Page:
There aren’t many homes here in California that have actual cellars like they do on the East Coast or in the Midwest, probably accounted for by weather. Likely it has something to do with earthquakes vs hurricanes or tornadoes. Our wine cellar is actually an addition that we added after we bought this house, and probably the best improvement to it we’ll ever make! Because it was an addition, we had to put in separate heating and cooling for it—there was no way to extend the duct work. One of the solutions that we found can work for both “cellars” like ours and for those of you with actual underground cellars.
Our architect recommended radiant floor heating for when it gets cooler in the winter, or if we have visitors who don’t like the chill of the room. We thought this was an excellent idea, as we needed to put in flooring anyway, so it was a bit of a two for one! Radiant floor heating consists of a thin wire that zigzags around underneath your flooring. We went with wood for ours. You cannot see or feel the wire under the floor but you can feel it working. And it is blissful. We’re talking about installing it in the rest of the house now. We’re converts, for a few reasons:
- As everyone knows, heat rises. In a typical two story home, the vents are near the floor on the second level and in the ceiling on the lower level, so that ductwork can run in between the two floors. When it’s cold out and you’re on that first floor, the heat isn’t getting to you unless you’ve also got a fan circulating the air back down to where you are. And if you have high ceilings, forget it. You’re freezing in those rooms and your family members are sweating in other rooms with regular ceilings. With radiant heat, it is starting from the bottom and heating as it goes upward. You aren’t wasting money heating your ceiling anymore. And half the time, when the heat cycles off, you’re cold again even if you were warm before.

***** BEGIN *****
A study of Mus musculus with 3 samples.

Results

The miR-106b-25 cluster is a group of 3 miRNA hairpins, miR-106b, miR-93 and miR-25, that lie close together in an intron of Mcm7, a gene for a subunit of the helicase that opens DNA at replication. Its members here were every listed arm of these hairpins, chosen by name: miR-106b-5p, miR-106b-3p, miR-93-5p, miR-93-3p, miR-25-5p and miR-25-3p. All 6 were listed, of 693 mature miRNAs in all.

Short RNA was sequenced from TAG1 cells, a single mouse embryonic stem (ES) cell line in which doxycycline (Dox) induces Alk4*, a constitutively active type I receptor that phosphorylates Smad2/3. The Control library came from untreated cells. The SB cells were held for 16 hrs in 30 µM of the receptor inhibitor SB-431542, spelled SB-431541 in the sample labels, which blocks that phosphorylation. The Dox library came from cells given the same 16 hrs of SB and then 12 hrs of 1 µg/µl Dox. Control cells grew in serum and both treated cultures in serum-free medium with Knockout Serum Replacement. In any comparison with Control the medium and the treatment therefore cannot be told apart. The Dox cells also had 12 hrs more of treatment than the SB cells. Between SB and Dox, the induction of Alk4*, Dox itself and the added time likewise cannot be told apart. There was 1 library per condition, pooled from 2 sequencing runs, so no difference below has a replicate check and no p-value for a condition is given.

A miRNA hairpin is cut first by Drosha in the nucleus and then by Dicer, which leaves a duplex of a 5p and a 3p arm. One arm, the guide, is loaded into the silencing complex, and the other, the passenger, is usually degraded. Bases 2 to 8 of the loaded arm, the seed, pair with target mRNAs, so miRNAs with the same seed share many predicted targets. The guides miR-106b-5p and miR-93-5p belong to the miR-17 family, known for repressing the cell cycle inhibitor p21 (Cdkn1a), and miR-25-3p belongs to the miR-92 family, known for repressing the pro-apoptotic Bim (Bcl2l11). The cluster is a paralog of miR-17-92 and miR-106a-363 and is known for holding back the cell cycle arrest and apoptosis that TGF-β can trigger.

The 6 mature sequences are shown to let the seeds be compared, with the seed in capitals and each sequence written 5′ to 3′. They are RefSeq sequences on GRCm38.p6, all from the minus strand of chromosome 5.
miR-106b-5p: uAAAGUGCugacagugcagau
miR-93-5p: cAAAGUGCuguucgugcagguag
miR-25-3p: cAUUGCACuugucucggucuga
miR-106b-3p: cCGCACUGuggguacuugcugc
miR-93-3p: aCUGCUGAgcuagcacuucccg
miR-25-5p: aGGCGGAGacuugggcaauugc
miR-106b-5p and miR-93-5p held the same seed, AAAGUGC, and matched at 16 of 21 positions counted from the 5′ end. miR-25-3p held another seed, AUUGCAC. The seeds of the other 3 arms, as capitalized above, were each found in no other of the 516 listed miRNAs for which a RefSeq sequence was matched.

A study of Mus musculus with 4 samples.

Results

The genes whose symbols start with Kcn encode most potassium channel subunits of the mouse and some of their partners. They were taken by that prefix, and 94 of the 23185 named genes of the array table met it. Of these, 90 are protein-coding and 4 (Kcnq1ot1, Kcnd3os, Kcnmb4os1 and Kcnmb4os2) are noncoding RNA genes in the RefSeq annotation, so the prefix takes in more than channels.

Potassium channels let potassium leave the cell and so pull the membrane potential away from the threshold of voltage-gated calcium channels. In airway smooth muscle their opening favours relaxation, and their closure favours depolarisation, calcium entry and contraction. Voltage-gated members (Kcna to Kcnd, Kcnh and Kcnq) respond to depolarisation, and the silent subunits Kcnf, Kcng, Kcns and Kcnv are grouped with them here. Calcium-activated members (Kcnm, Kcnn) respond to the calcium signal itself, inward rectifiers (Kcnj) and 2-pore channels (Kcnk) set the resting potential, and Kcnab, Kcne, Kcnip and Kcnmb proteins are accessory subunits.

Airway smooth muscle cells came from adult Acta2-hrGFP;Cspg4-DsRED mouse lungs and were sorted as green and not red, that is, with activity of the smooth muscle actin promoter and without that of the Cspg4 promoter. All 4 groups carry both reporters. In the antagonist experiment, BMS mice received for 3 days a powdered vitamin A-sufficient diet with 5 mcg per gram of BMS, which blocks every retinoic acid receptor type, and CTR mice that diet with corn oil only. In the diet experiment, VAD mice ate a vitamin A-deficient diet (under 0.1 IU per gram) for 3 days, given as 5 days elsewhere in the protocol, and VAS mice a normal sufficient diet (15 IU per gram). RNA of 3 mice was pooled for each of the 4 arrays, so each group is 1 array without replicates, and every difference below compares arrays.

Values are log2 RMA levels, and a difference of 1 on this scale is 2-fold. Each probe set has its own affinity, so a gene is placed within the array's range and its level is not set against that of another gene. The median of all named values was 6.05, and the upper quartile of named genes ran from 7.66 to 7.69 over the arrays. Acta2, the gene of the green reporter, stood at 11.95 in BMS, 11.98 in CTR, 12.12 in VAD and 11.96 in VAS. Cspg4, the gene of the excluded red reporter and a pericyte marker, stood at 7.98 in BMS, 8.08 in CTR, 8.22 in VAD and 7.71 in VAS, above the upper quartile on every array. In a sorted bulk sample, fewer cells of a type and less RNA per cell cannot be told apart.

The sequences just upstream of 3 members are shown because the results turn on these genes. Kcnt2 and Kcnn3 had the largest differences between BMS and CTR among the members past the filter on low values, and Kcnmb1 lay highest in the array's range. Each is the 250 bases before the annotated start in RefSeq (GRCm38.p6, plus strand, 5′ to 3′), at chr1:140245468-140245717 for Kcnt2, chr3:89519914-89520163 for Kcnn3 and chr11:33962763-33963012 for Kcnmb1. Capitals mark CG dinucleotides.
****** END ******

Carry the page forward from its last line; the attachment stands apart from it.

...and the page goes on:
- Forced air blows dust and allergens at you every time it kicks on. You probably know this already because you’ve taken a look at your air filters when you’ve replaced them. And that dust is just sitting in the ductwork, which is an unappealing thought. Radiant heat, however, isn’t forcing air anywhere. It heats the air closest to it, that air rises and warms you.
- Because it is more efficient, it is actually less costly to run. If we had it in our entire house, we would use what is called zoned heating—we could set the temperature for each area of the house. We both hate how cold the bathroom can feel during the day. However, the dining room and its western exposure doesn’t need much help staying warm, even in winter. Rather than set the whole house to one temperature—and you know that’s not really what happens, some rooms are cold while others are stifling—we could set the bathroom to get warmer and barely heat the dining room at all. This would also help save us some money.
A traditional underground cellar is typically difficult to heat, so a radiant heat solution would be perfect. Especially if you have a smaller wine cellar, it might not even be all that costly to install. It is definitely worth looking into, and we highly recommend it!